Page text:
Re: Power- The Myth of Male Power

Lief Hendrickson (hendrick.mbr@ASME.ORG)
Wed, 6 Mar 1996 16:51:00 EST

On Mar 6, Richley Crapo wrote:

>Warren Farrell's book has some interesting and
>useful information in it. However, it does not, as
>Paglia has (so predictably) said "examine the
>assumptions of feminist discourse." It does adopt
>an anti-feminist rhetoric as the vehicle for
>presenting those facts. It is definitely not the
>antifeminist spin that Farrell gives those facts that
>makes his book valuable. That aspect of the book
>is pure politics, not good social science. The data
>on men ARE interesting and useful. The book's
>attack on feminist thought is gratuitous.

Whether the book (_The Myth of Male Power_) is or is not anti-feminist
and whether or not it attacks feminist thought are matters of opinion.
In the opinion of many, the book is not anti-feminist- that is not the
issue of the book (gratuitous or otherwise). Many reviewers give high
recommendations in terms that do not address feminism. The author is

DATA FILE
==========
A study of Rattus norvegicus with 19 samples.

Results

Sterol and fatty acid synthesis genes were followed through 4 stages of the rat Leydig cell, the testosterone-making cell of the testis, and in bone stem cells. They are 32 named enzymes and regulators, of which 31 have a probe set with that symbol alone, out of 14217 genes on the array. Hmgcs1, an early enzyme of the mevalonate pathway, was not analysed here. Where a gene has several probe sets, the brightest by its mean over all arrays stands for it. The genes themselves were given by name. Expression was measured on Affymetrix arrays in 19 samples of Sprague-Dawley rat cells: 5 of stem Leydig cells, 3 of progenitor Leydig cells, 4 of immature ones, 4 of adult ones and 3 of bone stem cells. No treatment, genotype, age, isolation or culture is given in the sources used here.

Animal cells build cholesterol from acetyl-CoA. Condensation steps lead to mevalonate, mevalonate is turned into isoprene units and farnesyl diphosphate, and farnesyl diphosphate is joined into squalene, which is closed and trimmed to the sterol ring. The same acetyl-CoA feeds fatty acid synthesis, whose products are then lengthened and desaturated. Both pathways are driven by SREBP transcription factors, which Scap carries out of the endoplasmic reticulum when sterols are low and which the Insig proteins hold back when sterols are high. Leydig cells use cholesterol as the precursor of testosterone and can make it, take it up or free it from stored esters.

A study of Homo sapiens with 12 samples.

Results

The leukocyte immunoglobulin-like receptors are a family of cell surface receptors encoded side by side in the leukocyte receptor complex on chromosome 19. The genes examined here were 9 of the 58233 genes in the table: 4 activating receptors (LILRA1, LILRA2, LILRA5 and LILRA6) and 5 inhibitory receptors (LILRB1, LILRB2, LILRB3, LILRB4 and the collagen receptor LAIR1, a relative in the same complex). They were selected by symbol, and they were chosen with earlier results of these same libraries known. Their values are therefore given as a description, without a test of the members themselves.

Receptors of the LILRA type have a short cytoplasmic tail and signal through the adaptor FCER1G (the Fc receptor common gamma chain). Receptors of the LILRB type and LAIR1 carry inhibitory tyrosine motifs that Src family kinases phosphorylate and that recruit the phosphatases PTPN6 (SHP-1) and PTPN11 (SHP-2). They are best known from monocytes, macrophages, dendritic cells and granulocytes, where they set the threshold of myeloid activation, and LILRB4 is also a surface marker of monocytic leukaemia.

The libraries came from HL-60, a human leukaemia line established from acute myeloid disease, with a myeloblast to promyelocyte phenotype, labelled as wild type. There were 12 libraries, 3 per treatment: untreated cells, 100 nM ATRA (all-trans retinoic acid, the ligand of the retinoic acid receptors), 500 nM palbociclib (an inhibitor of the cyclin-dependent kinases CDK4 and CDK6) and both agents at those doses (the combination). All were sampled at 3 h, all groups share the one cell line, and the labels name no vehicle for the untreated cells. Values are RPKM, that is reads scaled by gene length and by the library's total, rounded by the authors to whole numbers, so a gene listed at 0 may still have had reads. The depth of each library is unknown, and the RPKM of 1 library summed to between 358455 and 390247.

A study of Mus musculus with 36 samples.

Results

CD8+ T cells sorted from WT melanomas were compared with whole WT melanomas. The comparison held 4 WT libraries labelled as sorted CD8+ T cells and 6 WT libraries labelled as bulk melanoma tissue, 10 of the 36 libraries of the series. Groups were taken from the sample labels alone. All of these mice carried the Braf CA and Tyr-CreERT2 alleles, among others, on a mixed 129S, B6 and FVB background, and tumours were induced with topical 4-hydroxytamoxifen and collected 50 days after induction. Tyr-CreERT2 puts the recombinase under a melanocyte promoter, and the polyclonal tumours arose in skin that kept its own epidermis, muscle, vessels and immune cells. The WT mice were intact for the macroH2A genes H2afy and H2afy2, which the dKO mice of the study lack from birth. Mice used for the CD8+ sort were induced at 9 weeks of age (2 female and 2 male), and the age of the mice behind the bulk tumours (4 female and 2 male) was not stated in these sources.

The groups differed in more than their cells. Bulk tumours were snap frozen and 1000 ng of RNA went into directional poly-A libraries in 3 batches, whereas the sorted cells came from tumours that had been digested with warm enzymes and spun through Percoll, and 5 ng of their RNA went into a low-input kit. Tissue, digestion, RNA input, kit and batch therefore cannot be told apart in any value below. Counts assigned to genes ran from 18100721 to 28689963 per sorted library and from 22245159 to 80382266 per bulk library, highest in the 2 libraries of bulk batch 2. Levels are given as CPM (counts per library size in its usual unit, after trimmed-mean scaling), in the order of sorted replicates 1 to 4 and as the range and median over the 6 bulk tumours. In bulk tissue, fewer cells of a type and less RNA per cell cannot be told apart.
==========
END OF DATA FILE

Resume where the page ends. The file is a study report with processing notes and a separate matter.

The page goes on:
not anti-feminist. On the contrary, he is the only male elected three
times for yearly terms on NOW's board of directors. He has spent a
decade fighting for legitimate issues of the women's movement. I hope
we recognize that not being part of feminism dogma does not
automatically imply an attack on feminism. Furthermore, power related to a
person's sex does not have to be viewed only in terms of a linearly confined
feminism/anti-feminism axis.

Likewise, whether the book is or is not good social science is a
matter of opinion, but that is not a good measure of the book's worth
either. The book does not purport to be an elite scholarly discourse.
It is a comprehensive discussion of an important contemporary social
issue, and it is well-supported with facts and references. As such,
it offers valuable material to ponder in considering the concept of
power- as in the context of the discussion here.